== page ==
I want to program something like an asynchronous chat (little bit like an email). So you start your program pick your name and add a friend with his unique id. Then you can write him a simple message and when your friends start up his pc, launches the "chat.exe" he receives the mail (internet is required) and is able to answer. No special functions, smiley's or text formatting, just simple for learning purpose.

My concept is: Use Scala for the "chat.exe" (Or is just a "chat.jar" possible?) which communicates via SOCKET with a Perl/Python Framework which handles the requests. So you type "Hello there" and click on send. This message is transfered via SOCKET to a Perl/Python script which reads the request an put this message in a MySQL database. On the otherside the chat.exe of your friend checks for new messages and if there is one, the Perl/Python script transfer the message. Also via SOCKET.

Do you think this works out? Is SOCKET appropriate and fits in? Or perhaps REST? But I think for REST-Requests you have to use the URI (http://example.com/newmessage/user2/user3/Hi_how_are_you). This looks very unsecure.

Look forward to your comments!

Have a nice day,

Kurt

    
I think you might have more success if you flipped your language choices around: Scala for the server and Python for the desktop app. That being said, you could easily use Scala (or any decent language) for both. But, frankly, your question is rather nebulous and hard to give any sort of authoritative answer. –  pr1001 Feb 3 '11 at 21:37
    
"internet is required"? What does this mean? Why is it in here? –  S.Lott Feb 3 '11 at 22:12
    
@Andrew: thanks i look at this in detail! @pr1001: Ok, thanks. But I am not sure if I can compile a standalone python programm (py2exe and pyinstaller look very immature) @Raphel: What would you recommend, I thankful for improvements! @S.Lott Because otherwise the Desktop app could not receive the message from the server –  Kurt Feb 3 '11 at 22:24

3 Answers 3

up vote 1 down vote accepted

If you ask me, I think Scala is most suitable for the server side. Scala runs on the JVM and Java has a really big ecosystem at the server side. You have a big variety of application servers for every taste (tomcat, jetty, glassfish, etc.).

Chat is a classical use case for actors. I think Akka can inspire you in this area.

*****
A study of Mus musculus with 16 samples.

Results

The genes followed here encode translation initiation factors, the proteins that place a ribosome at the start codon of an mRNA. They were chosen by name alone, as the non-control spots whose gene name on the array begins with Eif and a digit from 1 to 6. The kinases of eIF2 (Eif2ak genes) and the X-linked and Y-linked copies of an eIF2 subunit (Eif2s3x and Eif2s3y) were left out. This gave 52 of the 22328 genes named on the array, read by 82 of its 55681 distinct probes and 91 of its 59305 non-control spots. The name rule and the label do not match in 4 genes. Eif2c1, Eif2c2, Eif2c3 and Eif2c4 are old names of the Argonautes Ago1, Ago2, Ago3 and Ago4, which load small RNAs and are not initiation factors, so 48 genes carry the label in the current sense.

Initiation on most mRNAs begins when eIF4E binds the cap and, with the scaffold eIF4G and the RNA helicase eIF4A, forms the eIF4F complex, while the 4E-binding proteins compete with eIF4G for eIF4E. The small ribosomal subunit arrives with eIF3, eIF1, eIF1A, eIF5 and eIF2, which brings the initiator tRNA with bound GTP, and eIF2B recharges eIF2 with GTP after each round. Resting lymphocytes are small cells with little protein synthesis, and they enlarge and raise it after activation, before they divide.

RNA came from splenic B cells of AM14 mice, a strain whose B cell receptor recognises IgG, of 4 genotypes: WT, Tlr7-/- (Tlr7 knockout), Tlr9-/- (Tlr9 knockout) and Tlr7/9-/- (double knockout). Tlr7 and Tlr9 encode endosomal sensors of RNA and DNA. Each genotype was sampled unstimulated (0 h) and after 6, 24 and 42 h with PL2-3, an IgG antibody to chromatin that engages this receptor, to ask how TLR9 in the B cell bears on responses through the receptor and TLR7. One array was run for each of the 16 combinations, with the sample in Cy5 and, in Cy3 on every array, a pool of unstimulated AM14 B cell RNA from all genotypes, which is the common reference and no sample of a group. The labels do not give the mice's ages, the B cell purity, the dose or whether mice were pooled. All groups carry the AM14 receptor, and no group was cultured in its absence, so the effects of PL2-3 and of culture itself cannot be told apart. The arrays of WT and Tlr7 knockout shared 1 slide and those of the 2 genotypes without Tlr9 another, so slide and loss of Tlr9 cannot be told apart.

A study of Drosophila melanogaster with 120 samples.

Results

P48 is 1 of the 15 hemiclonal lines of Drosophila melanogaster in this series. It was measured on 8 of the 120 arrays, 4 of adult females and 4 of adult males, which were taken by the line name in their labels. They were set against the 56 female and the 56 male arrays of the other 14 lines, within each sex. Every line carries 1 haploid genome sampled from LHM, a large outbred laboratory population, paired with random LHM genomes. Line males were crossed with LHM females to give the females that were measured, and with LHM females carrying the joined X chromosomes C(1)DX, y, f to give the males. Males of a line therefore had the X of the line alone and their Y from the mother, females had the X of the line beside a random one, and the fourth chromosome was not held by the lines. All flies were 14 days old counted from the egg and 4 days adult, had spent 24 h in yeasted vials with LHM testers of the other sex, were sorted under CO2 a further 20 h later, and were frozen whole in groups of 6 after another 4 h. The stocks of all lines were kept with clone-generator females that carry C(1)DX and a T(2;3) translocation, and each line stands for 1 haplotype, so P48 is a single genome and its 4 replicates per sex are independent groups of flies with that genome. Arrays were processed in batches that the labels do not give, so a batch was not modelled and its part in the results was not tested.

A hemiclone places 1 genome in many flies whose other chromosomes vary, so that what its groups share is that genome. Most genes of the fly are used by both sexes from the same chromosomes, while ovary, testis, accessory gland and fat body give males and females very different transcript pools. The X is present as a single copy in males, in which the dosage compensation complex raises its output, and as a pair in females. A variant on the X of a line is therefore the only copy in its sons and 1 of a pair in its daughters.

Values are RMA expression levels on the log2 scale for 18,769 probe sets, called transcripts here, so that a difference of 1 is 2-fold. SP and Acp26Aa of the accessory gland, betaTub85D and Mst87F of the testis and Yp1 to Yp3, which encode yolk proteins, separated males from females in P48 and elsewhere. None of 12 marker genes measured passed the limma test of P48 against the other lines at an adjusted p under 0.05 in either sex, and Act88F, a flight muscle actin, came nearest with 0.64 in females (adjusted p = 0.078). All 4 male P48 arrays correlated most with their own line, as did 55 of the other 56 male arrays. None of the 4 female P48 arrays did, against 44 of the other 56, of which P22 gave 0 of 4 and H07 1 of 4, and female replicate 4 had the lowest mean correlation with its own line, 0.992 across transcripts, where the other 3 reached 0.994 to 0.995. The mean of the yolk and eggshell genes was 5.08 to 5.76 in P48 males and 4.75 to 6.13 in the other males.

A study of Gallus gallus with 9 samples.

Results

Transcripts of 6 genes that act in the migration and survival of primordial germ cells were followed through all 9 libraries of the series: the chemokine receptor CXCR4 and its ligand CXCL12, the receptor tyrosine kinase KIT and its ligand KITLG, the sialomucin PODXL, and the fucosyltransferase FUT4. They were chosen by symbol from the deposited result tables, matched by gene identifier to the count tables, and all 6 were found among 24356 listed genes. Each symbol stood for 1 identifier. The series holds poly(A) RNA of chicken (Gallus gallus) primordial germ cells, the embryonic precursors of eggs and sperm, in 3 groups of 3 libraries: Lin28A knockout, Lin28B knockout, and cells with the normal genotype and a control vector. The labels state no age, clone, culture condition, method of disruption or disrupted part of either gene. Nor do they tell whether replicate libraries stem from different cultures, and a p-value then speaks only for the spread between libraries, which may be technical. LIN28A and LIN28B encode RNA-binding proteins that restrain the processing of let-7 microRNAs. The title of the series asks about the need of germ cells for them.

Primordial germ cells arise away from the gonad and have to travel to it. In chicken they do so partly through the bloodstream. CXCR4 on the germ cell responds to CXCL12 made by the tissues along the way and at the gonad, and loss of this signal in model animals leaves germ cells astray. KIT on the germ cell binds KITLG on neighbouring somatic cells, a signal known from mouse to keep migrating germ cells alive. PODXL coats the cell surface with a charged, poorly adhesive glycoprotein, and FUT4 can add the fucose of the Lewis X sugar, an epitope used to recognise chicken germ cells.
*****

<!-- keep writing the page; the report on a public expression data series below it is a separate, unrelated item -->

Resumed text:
You can use wonderful Scala web frameworks like Lift. You can even make a web-based chat. Here is an example of a chat application that uses comet (server push):

http://demo.liftweb.net/chat

About REST: If you feel that it's not secure, then

  1. Use HTTPS to communicate with server
  2. In your example, your intent is to put the message to the server (at least that is how I understood it), so most probably you want to use PUT requests, and in this case the message text would be in the POST request body.

Use Scala for the "chat.exe" (Or is just a "chat.jar" possible?)

Step 1. Figure that out. Actually write some stuff and see what you can build.

which communicates via SOCKET with a Perl/Python Framework which handles the requests.

Not meaningful. All internet communication is done with sockets. Leave this sentence out and you don't lose any meaning.

This message is transfered via SOCKET to a Perl/Python script which reads the request an put this message in a MySQL database.

A little useful information. Sockets, however, go without saying.

On the otherside the chat.exe of your friend checks for new messages and if there is one, the Perl/Python script transfer the message. Also via SOCKET.

Right. Sockets, again, don't mean much.

On top of sockets there are dozens of protocols. FTP, Telnet, HTTP, SMTP, etc., etc.

Step 2 is to figure out which protocol you want to use. REST, by the way is a particular use of HTTP. You should really, really look very closely at HTTP and REST before dismissing them.

This looks very unsecure

Not clear why you're saying this. I can only guess that you don't know about HTTP security features.


A lazy programmer might do this.

  1. Install Python, Django, MySQL-Python and Piston.

  2. Define a Django Model, configure the defaults so that model is exposed as a secure RESTful set of services.

That's sort of it for the server side message GET, POST, PUT and DELETE are all provided by Django, Piston and the Django ORM layer. Authentication can be any of a variety of mechanisms. I'm a big fan of HTTP Digest authentication.